Choosing a new game to add to your gaming floor is an important decision and one that can often involve a financial risk. Often gaming managers chose games they like personally but making a strategic choice is more involved. Here are a few great tips and tools to help choose the right game.
Know your market: A game chosen for the 40+ male smokers in your outdoor gaming area should be different to a game chosen for the regular female players indoors. Before choosing a new game consideration should be given to what market you are purchasing the new game for… it might be a mix of players or a specific group but this will impact on what you choose to buy. If you have started segmenting your gaming floor by player type, it’s also important to consider where the machine is going to be placed and choose a game that is appropriate for that market.
Industry benchmarking tools: Using game benchmarking tools, like the MAX performance rankings, can be one of the easiest options to check on game popularity. Picking the top games from the rankings is a pretty simple way of choosing a game that could work on your gaming floor. It’s not always foolproof if the games are new to market, but over time, it has some merit.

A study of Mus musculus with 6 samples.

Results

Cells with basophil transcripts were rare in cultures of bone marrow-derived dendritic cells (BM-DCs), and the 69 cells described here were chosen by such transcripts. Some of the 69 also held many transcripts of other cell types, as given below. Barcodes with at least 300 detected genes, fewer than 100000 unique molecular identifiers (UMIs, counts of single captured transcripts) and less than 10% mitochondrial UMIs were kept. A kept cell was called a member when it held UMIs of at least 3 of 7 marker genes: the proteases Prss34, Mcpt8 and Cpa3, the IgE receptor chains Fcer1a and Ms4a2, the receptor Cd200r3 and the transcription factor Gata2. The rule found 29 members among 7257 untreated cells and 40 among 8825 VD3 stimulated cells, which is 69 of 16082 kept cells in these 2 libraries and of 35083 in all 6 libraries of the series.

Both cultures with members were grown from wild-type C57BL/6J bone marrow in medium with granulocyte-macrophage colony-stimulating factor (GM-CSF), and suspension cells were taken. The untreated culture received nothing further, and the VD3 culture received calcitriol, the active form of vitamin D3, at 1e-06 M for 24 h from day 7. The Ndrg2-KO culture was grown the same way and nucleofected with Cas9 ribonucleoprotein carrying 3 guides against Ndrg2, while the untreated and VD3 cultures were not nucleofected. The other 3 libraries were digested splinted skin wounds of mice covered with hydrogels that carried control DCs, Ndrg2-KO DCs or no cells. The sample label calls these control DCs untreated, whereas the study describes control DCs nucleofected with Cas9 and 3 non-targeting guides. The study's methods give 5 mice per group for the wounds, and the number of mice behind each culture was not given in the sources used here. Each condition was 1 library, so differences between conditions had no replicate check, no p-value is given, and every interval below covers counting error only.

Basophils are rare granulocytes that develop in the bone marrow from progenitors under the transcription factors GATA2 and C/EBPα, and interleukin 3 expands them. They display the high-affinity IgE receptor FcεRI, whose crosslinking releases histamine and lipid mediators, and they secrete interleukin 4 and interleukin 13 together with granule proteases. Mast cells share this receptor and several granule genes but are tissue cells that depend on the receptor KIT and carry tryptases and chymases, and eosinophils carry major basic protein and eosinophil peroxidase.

Talk to your peers: Giving other gaming managers a call to ask about game performance, is a good way of testing a game. Speaking to venues that have a similar size gaming floor and customer base as yours can provide a good indication of what a new game is like, and most importantly, who is playing it.
Use the reps: Gaming manufacturers’ sales reps are great sources of information on what’s working, and what isn’t, in the market. It makes no financial sense for a rep to sell you something they don’t believe will work as it costs them money to replace it under a performance warranty. They want to sell you the best game they have and they know the target market of the game. Remember, reps see more gaming machine ranking reports than most other people in the industry.
Everything old is new again: Like any business, gaming manufacturers have to make the most profit out of the resources they have. Games are frequently ‘cloned’ or slightly adjusted and tweaked, in order to make the most out of their maths and art investment. Older successful games are frequently still with us, and should be just as effective now as they were originally. When a new version is released, it’s a fair bet that it will work too, so always ask if a new game has been based on an old or existing performer and if so, which game it is.
Try something different: There’s a downside to everyone using the same benchmarking tools to choose games – we all end up offering the same thing to our players. Having a point of difference can pay off and often it only takes one good player to lift a game above floor average.
When buying a new machine that has a warranty, it’s worth trying something new and you can convert later without any financial impact.
Play the game yourself: There is a difference between playing a game at a trade show and in the field. To see how your customers will feel about a game, you need to put your own money in it and see how it plays and the type of player it will suit. Casinos and larger clubs who need variety are often quick to introduce new games within a few weeks of the game release – pay a visit and play.